Former Interior Secretary Bruce Babbitt on Thursday slammed Utah’s push to seize control of federal lands as a radical measure that threatens the outdoor recreation industry, which brings a lucrative gear show to the state twice a year.
Babbitt’s comments came during a speech to a group of outdoor recreation company representatives in Salt Lake City for the biannual Outdoor Retailer Show, going on this week.
“Our public land heritage really is under attack,” said Babbitt, speaking at a Conservation Alliance event. “We’ve really got a crowd of uniformed, misguided politicians who are attempting to dismantle or abolish public lands and the agencies that administer them.”
Babbitt’s remarks are the latest indication Utah’s political posturing on the issue could affect its relationship with the outdoor recreation industry, which supports the retailer show that brings an estimated $40 million in economic benefits to the state each year.
Outdoor Retailer spokeswoman Kate Lowery said the state’s land transfer law isn’t impacting their decision, but she added the industry wants access to Utah’s lands. State officials have been pushing legislation and court efforts to take control of Utah’s federal lands.
In his speech, Babbitt urged outdoor recreation businesses to flex their growing muscle – consumers spend an estimated $646 billion a year in the industry – and work to ensure the nation’s public lands aren’t sold off or developed.
“This is the moment to come together, stand tall, raise your voice, put your industry into the fight,” Babbitt said. “It will make a real difference.”
A deadline Utah set for the federal government to hand over 31 million acres of public land passed earlier this month with no such transfer, something predicted by both critics and supporters. Utah says it would be a better land manager and that local control would allow the state to make money from taxes and development rights.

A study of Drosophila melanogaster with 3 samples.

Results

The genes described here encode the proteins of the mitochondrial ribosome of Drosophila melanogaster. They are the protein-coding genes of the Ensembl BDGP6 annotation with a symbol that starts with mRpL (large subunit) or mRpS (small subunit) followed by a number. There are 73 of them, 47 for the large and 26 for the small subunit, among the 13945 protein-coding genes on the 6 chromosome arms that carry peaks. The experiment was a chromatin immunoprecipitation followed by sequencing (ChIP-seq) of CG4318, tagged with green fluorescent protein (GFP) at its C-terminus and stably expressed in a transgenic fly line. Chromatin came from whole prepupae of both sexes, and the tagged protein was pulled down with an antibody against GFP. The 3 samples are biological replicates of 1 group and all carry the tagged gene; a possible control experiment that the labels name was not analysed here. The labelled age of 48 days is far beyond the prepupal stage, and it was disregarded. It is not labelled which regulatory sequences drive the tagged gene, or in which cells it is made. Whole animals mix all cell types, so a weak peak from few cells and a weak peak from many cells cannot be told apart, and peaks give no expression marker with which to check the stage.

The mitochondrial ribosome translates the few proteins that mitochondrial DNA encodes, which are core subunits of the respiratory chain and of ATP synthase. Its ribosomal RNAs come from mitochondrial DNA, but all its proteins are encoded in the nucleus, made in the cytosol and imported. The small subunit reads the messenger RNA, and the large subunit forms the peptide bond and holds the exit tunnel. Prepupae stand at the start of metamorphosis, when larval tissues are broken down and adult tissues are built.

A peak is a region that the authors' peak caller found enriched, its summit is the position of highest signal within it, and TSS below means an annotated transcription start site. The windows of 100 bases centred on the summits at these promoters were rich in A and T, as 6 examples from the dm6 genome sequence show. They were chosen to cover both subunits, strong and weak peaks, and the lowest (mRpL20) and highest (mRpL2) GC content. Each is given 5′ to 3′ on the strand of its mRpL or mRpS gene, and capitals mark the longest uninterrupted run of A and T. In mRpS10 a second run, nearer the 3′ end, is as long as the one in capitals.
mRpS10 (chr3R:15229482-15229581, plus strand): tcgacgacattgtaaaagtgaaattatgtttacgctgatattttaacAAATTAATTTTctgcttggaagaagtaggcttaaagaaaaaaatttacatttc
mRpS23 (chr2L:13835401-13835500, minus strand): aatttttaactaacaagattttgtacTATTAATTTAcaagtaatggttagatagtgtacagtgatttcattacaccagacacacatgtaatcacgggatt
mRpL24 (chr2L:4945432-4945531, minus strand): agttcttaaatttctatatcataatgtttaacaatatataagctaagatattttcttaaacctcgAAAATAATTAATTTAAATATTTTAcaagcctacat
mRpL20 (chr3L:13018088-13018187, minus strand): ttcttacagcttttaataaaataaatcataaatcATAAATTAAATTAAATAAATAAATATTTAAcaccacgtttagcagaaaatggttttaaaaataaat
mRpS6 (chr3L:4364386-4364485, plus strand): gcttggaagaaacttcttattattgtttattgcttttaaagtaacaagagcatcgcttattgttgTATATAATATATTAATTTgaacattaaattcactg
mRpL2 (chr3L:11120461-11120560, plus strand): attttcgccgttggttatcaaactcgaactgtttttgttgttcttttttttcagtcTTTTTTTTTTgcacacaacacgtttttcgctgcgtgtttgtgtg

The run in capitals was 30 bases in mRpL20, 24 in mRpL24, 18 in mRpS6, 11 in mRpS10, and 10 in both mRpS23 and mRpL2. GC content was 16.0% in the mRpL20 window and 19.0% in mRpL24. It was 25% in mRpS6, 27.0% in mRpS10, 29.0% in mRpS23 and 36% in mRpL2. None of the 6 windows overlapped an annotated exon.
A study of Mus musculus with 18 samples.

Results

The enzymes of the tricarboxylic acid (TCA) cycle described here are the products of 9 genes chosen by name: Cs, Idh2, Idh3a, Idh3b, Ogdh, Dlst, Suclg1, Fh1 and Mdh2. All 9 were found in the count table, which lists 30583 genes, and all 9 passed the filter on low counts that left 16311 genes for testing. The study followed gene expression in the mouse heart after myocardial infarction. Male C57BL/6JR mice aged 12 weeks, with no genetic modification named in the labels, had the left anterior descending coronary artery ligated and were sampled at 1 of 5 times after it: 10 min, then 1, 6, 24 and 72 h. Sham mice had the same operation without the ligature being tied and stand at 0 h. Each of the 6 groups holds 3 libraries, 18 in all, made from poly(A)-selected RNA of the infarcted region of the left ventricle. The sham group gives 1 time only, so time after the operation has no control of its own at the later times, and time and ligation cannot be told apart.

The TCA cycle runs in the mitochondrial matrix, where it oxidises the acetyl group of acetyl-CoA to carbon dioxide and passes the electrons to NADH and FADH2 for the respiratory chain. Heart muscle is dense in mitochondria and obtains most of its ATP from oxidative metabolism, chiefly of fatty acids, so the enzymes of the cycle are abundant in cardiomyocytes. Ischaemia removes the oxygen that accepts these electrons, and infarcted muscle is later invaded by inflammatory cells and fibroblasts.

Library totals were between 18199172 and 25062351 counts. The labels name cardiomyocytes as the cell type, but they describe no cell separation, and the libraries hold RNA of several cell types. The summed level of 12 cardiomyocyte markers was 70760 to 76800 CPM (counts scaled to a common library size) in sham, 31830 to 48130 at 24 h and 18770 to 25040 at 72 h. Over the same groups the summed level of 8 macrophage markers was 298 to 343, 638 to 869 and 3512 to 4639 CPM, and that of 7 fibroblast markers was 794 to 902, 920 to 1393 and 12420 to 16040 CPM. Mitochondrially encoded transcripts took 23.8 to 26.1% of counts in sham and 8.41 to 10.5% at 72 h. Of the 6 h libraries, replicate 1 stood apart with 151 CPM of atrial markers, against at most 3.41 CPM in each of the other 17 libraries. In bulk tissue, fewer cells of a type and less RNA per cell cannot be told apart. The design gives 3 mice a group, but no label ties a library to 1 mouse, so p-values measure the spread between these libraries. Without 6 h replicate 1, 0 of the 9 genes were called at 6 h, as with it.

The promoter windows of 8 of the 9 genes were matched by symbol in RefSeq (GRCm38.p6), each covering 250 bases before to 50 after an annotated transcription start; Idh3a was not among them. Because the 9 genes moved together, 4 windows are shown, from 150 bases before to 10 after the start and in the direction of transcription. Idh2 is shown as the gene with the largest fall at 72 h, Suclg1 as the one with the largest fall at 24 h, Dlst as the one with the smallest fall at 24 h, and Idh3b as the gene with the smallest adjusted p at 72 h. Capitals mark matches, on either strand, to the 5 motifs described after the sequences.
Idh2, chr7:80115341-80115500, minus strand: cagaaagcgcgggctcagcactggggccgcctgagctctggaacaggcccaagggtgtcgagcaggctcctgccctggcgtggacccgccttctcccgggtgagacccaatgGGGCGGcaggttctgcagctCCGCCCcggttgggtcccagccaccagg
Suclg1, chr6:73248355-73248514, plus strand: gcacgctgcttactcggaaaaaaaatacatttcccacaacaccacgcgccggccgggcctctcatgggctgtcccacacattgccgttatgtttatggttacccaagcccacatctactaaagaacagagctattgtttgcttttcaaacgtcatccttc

U.S. Interior Secretary Sally Jewell says it’s a waste of time to debate whether Utah will take over the land. Utah Republican leaders are laying groundwork to push the issue in court, though it’s unclear when the state might file a lawsuit.
Babbitt, who served as interior secretary under President Bill Clinton from 1993 to 2001, said the law is a conduit so public lands can be served up to the coal, oil, gas and mineral industries for exploitation.
Gov. Gary Herbert didn’t immediate provide comment on Babbitt’s remarks.
About 22,000 people are in Salt Lake City for the Outdoor Retailer Show, a business-to-business expo that allows store owners to meet with manufacturers and preview products.
Before announcing in 2013 it would extend its Utah contract through next year, show organizers threatened to move the event if the state didn’t demonstrate a commitment to preserving public lands.
Herbert issued a report laying out a broad-stroke plan to preserve Utah’s natural jewels and cultivate outdoor recreation as a pillar of its economy. He also created an office devoted solely to outdoor recreation.
Those moves seemed to ease the industry’s concerns. But Utah’s continued push to control federal public lands plants new seeds of anxiety about its true intentions, said Peter Metcalf, president and chief executive of Salt Lake City-based Black Diamond Inc., an outdoor gear manufacturer.
“Are they really committed to supporting the natural and iconic landscapes that this outdoor industry is predicated upon?” Metcalf said. “This land grab sends the message that they’re not.”